OPEC Caps Nigeria, Libya’s Oil Output at 2107 Levels, Extends Production Cuts


Oil price hits $64 per barrel
• Kachikwu explains exemption from production cuts

Ejiofor Alike with agency report

The Organisation of Petroleum Exporting Countries (OPEC) Thursday took a decision to cap the output of Nigeria and Libya at 2017 production levels without deciding on the figures.

The oil cartel also agreed to extend oil output cuts until the end of 2018 as part of the global efforts to eliminate excess oil supply in the international market.
Nigeria, Africa’s biggest oil producer, and Libya had previously been exempted from the cuts due to unrest in both countries and lower-than-normal production.

However, the decision to extend the production cuts saw crude oil prices rising, with the global benchmark Brent trading near a two and a half year high above $64 per barrel.
Speaking to reporters after Thursday’s OPEC meeting in Vienna, Austria, Iranian oil minister Bijan Zanganeh said the organisation had agreed to extend the cuts by nine months until the end of 2018, as largely anticipated by the market.

The current deal, under which OPEC and non-OPEC producers are cutting supply by about 1.8 million barrels per day (bpd) in an effort to boost oil prices, expires in March 2018.
Zanganeh added that OPEC also decided to cap the output of Nigeria and Libya at 2017 levels.
The OPEC meeting was followed by talks with non-OPEC producers led by Russia.

Before the meeting, Saudi energy minister Khalid al-Falih said it was premature to talk about exiting the cuts at least for a couple of quarters and added that OPEC would examine progress at its next regular meeting in June.
“When we get to an exit, we are going to do it very gradually … to make sure we don’t shock the market,” he said.

The Iraqi, Iranian and Angolan oil ministers also said before Thursday’s meetings that a review of the deal was possible in June in case the market became too tight.
But Zanganeh said later no such debate had taken place at the OPEC meeting.
Reacting to OPEC’s decision, the international benchmark Brent crude rose by more than 1 per cent Thursday to trade near $64 per barrel while the U.S. West Texas Intermediate crude rose to $57.63, after falling more than two per cent since last week.

With oil prices rising above $60, Russia had expressed concern that an extension for the whole of 2018 could prompt a spike in crude production in the U.S., which is not participating in the deal.
Russia needs much lower oil prices to balance its budget than OPEC’s leader Saudi Arabia, which is preparing a stock market listing for national energy giant Aramco next year and would hence benefit from pricier crude.

Russia had signalled it wants to understand better how producers will exit from the cuts as it needs to provide guidance to its private and state energy companies.
“We need to work out a strategy for 2018,” Russian energy minister Alexander Novak had said.
Reuters reported that Russia, which this year reduced production significantly with OPEC for the first time, has been pushing for a clear message on how to exit the cuts so the market doesn’t flip into a deficit too soon, prices don’t rally too fast and rival U.S. shale firms don’t boost output further.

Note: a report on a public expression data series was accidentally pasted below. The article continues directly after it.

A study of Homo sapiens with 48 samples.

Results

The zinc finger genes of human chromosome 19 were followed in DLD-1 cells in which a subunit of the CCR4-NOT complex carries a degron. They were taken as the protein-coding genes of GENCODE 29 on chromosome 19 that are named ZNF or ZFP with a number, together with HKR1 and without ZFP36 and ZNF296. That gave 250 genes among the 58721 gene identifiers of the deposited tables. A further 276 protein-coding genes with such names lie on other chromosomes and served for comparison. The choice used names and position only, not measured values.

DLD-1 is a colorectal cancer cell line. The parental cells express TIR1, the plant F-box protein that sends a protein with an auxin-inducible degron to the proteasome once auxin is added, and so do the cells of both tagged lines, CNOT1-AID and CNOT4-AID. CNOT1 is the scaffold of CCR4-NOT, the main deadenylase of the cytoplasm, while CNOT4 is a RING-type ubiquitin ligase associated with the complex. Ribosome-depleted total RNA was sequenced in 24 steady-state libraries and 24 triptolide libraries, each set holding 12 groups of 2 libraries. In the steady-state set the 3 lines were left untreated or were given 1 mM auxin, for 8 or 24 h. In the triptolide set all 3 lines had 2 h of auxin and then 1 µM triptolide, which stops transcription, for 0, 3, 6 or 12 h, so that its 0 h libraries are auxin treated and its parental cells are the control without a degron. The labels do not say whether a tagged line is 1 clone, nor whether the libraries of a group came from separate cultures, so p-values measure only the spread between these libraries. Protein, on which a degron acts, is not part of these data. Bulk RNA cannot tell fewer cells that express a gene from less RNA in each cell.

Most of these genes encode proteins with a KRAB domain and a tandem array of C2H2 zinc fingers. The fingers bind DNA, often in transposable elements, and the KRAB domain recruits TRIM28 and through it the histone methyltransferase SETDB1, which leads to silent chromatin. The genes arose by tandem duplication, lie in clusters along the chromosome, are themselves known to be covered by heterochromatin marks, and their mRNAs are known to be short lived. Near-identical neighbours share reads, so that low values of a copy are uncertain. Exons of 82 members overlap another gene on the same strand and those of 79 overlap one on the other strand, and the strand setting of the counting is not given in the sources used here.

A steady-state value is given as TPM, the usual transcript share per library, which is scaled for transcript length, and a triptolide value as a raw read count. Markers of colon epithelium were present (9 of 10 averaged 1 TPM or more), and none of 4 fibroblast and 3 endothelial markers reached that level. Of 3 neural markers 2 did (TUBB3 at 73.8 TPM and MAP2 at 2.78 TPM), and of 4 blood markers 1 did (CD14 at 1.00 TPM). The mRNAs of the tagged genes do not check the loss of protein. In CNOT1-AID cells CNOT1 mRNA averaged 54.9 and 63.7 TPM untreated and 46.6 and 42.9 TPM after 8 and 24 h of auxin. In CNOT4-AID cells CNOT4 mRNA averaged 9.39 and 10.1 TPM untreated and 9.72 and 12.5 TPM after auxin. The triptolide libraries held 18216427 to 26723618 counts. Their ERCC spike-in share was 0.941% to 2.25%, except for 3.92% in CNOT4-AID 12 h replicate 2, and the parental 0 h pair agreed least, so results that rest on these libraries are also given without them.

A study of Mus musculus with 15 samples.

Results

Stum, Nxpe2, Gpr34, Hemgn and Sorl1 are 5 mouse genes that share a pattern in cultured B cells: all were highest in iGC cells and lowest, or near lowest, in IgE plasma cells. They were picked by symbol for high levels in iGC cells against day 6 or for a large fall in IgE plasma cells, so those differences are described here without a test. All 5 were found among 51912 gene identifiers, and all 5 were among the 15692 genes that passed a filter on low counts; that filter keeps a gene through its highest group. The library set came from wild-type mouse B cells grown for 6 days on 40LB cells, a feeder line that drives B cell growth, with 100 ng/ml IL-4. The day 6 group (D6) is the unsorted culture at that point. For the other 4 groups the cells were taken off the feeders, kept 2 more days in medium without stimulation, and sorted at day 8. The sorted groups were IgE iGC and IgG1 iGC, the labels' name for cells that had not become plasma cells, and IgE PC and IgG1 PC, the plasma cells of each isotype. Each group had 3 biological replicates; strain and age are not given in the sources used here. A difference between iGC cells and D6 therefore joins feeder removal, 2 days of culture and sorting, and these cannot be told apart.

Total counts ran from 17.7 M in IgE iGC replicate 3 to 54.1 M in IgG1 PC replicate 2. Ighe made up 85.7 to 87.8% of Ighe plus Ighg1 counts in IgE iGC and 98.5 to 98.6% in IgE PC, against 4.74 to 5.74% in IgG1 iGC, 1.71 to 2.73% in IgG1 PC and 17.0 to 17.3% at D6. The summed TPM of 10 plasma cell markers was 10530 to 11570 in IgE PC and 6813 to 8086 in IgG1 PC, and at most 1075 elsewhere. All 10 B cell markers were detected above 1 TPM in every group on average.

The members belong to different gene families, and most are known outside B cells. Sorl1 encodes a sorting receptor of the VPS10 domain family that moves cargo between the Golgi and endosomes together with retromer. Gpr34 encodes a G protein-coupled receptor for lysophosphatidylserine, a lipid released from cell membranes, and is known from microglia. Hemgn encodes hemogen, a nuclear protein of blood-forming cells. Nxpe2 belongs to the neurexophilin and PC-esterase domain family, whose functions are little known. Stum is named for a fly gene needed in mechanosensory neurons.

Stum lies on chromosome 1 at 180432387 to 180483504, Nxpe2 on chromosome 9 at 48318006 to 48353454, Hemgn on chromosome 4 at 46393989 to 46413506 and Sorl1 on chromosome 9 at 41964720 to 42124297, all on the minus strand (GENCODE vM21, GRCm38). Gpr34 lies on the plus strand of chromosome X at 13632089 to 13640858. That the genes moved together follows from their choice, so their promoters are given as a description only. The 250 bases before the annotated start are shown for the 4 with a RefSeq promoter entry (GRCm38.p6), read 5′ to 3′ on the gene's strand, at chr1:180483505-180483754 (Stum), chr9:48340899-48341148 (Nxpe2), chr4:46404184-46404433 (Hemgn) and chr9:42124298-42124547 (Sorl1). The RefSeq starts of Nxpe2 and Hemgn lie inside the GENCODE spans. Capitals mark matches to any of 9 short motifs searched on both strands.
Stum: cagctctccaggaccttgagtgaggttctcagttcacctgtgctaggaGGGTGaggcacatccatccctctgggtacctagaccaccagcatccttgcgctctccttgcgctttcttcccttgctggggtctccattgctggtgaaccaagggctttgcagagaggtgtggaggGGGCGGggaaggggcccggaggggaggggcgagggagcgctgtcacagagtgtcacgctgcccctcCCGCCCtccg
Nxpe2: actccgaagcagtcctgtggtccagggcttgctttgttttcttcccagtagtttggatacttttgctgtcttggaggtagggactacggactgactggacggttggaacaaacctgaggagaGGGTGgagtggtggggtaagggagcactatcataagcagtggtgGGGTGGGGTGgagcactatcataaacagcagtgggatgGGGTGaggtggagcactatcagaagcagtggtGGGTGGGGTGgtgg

Meanwhile, the Minister of State for Petroleum Resources, Dr. Ibe Kachikwu, explained Thursday that the decision taken on Nigeria at Thursday’s meeting stemmed from the resistance by the Nigerian delegation to the word “cut” in crude production, effectively exempting the country and Libya from the production cuts imposed on other oil producers that are part of the agreement.
The minister, however, admitted that Nigeria was cautioned to be disciplined and not flood the global market with crude.

Kachikwu made this known when he spoke to Bloomberg on the sidelines of the 173rd meeting of the OPEC holding in Vienna.
“We’ve been asked to be disciplined, the word cut has not been used. We’ve resisted the word ‘cut’. The word ‘cap’ had been accepted by me a long time ago,” he said.
“Clearly, there is a continuing obligation to ensure that we do not just flood the market because of the exemptions we were given.

“There’s a lot more energy around bringing everybody to the ballpark, Nigeria is willing to be in that ballpark and contribute.
“Our contribution is fairly limited because we are still lacking in that capacity to reach the marks anywhere soon.”
He put Nigeria’s current production at around 1.75 million barrels per day, adding that the 1.8 million barrels benchmark was comfortable.

“Our current production is 1.75, we are still below the 1.8 that was the benchmark which is comfortable but you’re going to see a lot more pressure as we go into next year
“Sometime late next year, we will probably see the capacity of Nigeria to do close to 2.3, 2.5.
“Can we do it? Probably not if we all keep to discipline. We are now going to be looking at producers within our country and those giving us barrels at the least cost price because we are going to cut scientifically those who are unable to produce below a certain benchmark,” he explained.